In the heat of personal criticism, have you ever crossed your arms and concluded, “Their opinion just doesn’t matter”?
The rub is that – while we hate to admit it – opinions do matter. In fact, they matter a great deal.
Saying someone’s opinion doesn’t matter, whether it’s of you, of something you’ve done, or of something people expect you to do, is tantamount to saying a thumbtack inside the bottom of your shoe doesn’t matter. You can dismiss it all you like, but eventually that little prick is going to demand that you deal with it.
Lately, however, I’ve been noticing that it’s not so much what opinion I’m considering, but whose opinion I’m considering.
I care a great deal about what God thinks about me. In fact, I dare say his is the only opinion that matters.
But then failing to mention that I care a great deal about my wife’s opinion of me would be irresponsible. She sees me through mature eyes on my best days and my worst.
Then there’s my children. They see me through far more innocent eyes, which causes me to consider their opinion of me with humble fear, lest I betray it.
With all the outside eyes on me as a Christian, however, there has been a noticeable shift. I was talking this over yesterday with my friend, partner, boss, and Pastor, Kirk Gilchrist.
For most Christians raised in first-world environments, I think it’s safe to assume that we traditionally care a great deal about what other Christians think about us. At least we pastors do. That’s why so much of our lives are spent mulling over complaints, criticisms and critiques. Pastors, for example, are the only breed of leaders I know who feel personally responsible when people that hate them leave their organization. Any CEO would be grateful for said member’s departure (probably taking some joy in firing them), whereas a pastor endures deep, inner turmoil over it for weeks, if not months and years.
And yet, first-world, Christian Pastors and their congregants – and I realize I’m speaking broadly with tremendous room for exceptions – tend to be an odd bunch who “have each others’ backs” when their respective congregations are fledgling and small, but turn on one another the moment any level of success is attained. I should know: I’ve been living in and around pastors and churches at various levels of “success” my entire life, just as I am a pastor in a church. Nor am I immune to the shortcomings. Just this morning I read an article on the successes of a ministry that got its start by – in my mind – “stealing” some of my resources. Instantly the Holy Spirit set upon me in tremendous love, asking, “Is it your ministry or mine? And does it advance my Kingdom, or are you upset that it didn’t advance yours?”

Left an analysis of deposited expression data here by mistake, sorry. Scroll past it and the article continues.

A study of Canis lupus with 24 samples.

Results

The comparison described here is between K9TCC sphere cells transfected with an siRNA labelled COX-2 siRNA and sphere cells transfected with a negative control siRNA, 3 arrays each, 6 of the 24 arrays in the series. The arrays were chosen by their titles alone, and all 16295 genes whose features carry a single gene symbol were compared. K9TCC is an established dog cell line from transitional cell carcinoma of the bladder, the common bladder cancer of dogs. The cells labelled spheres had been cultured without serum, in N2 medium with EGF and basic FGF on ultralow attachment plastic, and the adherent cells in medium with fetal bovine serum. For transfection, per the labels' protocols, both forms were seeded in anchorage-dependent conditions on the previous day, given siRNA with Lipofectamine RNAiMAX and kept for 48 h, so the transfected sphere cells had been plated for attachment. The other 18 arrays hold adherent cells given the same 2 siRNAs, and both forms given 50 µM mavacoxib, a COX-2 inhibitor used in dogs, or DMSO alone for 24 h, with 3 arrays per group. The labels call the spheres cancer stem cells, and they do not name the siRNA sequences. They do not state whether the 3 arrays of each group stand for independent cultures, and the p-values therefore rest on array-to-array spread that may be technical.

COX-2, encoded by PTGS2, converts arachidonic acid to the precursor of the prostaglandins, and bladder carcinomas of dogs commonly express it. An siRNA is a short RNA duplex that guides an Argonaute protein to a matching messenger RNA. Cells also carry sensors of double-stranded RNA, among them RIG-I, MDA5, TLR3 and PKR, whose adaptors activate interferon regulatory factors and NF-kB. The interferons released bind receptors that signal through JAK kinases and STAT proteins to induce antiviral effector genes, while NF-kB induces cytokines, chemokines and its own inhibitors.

Perhaps it’s maturity. Perhaps it’s a lack of grace. But the people whose opinions that matter to me the most is shifting.
From Christians to not-Christians.
Brad Ringer of Pure for God Ministries was teaching in one of our discipleship classes a number of years ago and challenged the students to substitute the generic terms for “unsaved people” with what Jesus himself referenced as “those who are perishing.”
“When I say someone is ‘lost,’ how do they appear to you?” Brad asked. The students thought about it, as did I. Only a vague, meandering, bumbling subject presented itself, one which I reflexively associated with Christian-speak and my proverbial “mission field.”
“But if I tell you this same person is ‘perishing,’ what do you see?”
The students started chiming in with words like dying, suffering, at wit’s end, poor, hopeless, and destitute.
It’s those people, those who are perishing, whose opinions matter the most to me right now.
While the religious, Christian opinions that currently surround me and my office are those of disputing pet doctrines, jealousies, and endless semantics – all of which I expect will always be near if other leaders’ lives throughout history are to be any harbinger – it’s how the perishing world sees me that is slowly moving to the forefront of my heart-view.
I’m craving interaction with perishing people more and more. And as much as I’m desperate to see them come to know Jesus, I’m curious to know just what they see in me. Because someone who is truly perishing cares not about my affiliations, my successes or my doctrines. They only care about surviving. And I’m either someone who can help them swim to the life boat, or I’m someone who is complacent enough to be numb to the fact that they’re drowning all-the-while insisting they admit that I’m a good swimmer.
My father, Peter, sent me a quote this week by the late John Wesley, notable preacher, revivalist, and theologian:
You have nothing to do but to save souls. Therefore spend and be spent in this work. And go not only to those that need you, but to those that need you most. It is not your business to preach so many times, and to take care of this or that society; but to save as many souls as you can; to bring as many sinners as you possibly can to repentance.
Give me one hundred preachers who fear nothing but sin and desire nothing but God, and I care not whether they be clergymen or laymen, they alone will shake the gates of Hell and set up the Kingdom of Heaven upon Earth.
Do all the good you can, by all the means you can, in all the ways you can, in all the places you can, at all the times you can, to all the people you can, as long as ever you can.
When I have money, I get rid of it quickly, lest it find a way into my heart.
When you set yourself on fire, people love to come and see you burn.
It is the pricks of the perishing that I desire to be my most constant reminders of the need for divine conduct.